At the end of a special council work session Monday to discuss the proposed districts, Mayor Vaughn Stewart and the council said they supported the projects and would likely vote on the plans within the next two council meetings. The districts would improve protection of property values and of the overall characteristics of downtown, officials say.
The mayor and council acknowledged their support of the districts after speaking with several downtown business owners at the meeting.
"I think we'll vote at the next meeting or the next meeting after that," Stewart said. "I think the consensus is to move forward with a few little tweaks."
The tweaks in the ordinance for the districts include adding a fine for noncompliance, rather than making it a criminal misdemeanor, and ensuring building design criteria is less subjective.
The Anniston Historic Preservation Commission on Oct. 17 approved the resolution to create two districts. One of the districts would include property along Noble Street between 9th and 14th Streets. The other district would be along 15th Street between Cooper Avenue and Walnut Avenue. The districts need final approval from the council to become official.
The council discussed the districts last month, but due to confusion and miscommunication between the city and local business owners, members scheduled the Monday work session to clear up the issue.
The commission's historic preservation consultant, David Schneider, told business owners at the meeting that the districts would help improve their properties. He said a historic district will protect property values by preventing people from immediately tearing down nearby buildings or making drastic changes to buildings that go against the aesthetic look of that district.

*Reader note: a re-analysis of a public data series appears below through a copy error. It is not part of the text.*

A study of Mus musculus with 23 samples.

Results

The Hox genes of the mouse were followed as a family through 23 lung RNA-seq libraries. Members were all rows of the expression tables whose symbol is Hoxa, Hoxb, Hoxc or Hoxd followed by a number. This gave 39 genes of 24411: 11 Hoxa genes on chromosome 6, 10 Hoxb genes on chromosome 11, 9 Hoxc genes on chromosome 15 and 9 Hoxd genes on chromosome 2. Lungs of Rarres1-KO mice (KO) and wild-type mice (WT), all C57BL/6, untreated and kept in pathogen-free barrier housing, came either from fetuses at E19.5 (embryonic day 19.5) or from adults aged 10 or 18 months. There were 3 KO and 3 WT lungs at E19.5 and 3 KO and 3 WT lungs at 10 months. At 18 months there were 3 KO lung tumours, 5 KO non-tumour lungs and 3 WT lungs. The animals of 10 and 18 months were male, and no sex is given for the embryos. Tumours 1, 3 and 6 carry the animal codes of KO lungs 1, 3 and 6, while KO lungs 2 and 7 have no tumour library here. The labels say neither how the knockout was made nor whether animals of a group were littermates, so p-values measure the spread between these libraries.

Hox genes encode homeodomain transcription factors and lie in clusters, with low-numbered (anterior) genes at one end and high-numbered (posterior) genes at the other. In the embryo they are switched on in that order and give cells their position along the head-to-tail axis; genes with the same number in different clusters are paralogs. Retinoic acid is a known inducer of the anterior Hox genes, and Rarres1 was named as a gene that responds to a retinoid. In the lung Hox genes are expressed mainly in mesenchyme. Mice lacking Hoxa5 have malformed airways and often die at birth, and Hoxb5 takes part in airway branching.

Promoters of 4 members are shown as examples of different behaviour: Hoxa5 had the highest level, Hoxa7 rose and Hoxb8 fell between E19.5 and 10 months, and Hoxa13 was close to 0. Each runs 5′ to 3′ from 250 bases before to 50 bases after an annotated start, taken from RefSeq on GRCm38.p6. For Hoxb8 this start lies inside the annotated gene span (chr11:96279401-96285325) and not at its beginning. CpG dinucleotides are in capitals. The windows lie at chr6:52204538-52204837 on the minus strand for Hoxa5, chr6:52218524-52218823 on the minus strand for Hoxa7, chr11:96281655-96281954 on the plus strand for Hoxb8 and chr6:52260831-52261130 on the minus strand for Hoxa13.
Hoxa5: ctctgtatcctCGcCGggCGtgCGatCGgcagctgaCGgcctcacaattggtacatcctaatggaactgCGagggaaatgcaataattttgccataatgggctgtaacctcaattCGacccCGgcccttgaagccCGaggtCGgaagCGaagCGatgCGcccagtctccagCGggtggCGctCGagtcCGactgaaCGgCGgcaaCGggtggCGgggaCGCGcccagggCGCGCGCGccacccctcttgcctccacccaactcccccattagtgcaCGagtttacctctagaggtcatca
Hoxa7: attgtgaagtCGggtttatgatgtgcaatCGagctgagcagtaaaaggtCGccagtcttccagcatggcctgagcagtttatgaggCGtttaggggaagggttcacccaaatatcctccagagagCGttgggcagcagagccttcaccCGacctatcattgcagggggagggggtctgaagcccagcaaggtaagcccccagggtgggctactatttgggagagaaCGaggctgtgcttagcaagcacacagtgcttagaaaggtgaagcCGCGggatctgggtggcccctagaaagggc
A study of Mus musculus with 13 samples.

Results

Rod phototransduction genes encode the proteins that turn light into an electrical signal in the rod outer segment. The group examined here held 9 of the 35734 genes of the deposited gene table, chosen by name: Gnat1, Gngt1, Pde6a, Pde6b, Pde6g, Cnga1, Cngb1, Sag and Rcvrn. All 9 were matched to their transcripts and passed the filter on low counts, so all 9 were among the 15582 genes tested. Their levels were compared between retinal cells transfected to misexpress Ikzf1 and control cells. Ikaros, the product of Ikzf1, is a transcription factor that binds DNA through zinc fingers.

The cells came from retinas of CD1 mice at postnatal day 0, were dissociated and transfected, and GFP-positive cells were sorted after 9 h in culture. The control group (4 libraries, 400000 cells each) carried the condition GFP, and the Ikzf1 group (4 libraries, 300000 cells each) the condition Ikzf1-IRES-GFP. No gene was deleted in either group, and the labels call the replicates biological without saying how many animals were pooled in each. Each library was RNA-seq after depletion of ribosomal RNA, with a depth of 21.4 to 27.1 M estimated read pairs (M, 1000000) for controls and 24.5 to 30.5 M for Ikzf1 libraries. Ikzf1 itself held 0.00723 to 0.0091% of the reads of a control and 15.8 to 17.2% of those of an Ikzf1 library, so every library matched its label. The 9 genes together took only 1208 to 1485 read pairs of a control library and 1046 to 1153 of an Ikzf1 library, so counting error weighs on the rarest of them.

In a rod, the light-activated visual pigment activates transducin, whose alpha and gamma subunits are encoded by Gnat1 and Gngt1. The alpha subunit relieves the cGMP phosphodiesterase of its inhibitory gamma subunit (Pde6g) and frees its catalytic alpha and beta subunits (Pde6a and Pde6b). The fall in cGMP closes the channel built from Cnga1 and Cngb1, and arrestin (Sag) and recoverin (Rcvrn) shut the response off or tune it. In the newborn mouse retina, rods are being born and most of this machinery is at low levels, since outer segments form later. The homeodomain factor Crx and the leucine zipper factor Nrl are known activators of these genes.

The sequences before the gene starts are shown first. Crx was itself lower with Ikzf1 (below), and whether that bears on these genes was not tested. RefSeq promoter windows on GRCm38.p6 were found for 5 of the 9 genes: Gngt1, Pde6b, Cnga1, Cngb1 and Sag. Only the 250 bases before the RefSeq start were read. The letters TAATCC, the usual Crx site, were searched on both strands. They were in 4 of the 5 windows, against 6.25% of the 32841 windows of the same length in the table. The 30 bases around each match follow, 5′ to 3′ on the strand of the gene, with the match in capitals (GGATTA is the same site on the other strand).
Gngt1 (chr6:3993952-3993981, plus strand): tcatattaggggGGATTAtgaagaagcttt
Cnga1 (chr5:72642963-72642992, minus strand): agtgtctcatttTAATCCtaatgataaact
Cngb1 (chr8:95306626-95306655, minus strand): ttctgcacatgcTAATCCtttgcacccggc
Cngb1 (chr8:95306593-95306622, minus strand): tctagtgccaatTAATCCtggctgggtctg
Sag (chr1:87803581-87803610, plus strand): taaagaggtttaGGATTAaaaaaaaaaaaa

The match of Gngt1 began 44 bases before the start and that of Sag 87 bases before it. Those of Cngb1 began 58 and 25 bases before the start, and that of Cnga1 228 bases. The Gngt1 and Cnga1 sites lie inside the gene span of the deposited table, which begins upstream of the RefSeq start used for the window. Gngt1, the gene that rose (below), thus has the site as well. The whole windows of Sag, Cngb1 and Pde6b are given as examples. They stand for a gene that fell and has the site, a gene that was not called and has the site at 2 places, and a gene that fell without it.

"Historic districts tend to stabilize property values," Schneider said. "The advantage is this protects one's investment in property."
Megan Brightwell, who owns Parker House Bed and Breakfast in the Tyler Hill area of East 6th Street, agreed that historic districts protect property owners, particularly those without much money.
"It protects people who can only afford one property from big developers," Brightwell said.
Troy Shaneyfelt, owner of Western Auto in downtown Anniston, was concerned the districts would force him pay for changes to his building that he didn't want or couldn't afford. Schneider said, however, that businesses will not be forced to do anything they do not want to do to their property. The commission will just need to make sure that any changes a business owner does make to the outside of their buildings fits with the overall look of their district, he said.
"But it's not that we'll have design police out there," Schneider said. "If you come up with an appropriate design, even if it's modern, it will be approved."
Councilman Jay Jenkins said he strongly supported creating historic districts, noting Gadsden has had much success with its historic downtown district in recent years.
"It's important as a community that we prevent further erosion of our downtown area," Jenkins said to the business owners in attendance. "You guys have investment in downtown and West 15th Street that you don't want to see go south ... it's not rocket science."
Shaneyfelt said the meeting helped clear up his concerns about the historic districts.
"I do feel a lot better about this, I feel good now," Shaneyfelt said.
General Jackson, owner of Jackson's Unisex Barber Shop on West 15th Street, said he also felt better about the districts after the meeting and plans to tell other 15th Street business owners about what he'd learned.
"Bringing the area up, everybody wants to do that," Jackson said. "There just wasn't enough information about this before."
Staff writer Patrick McCreless: 256-235-3561. On Twitter @PMcCreless_Star.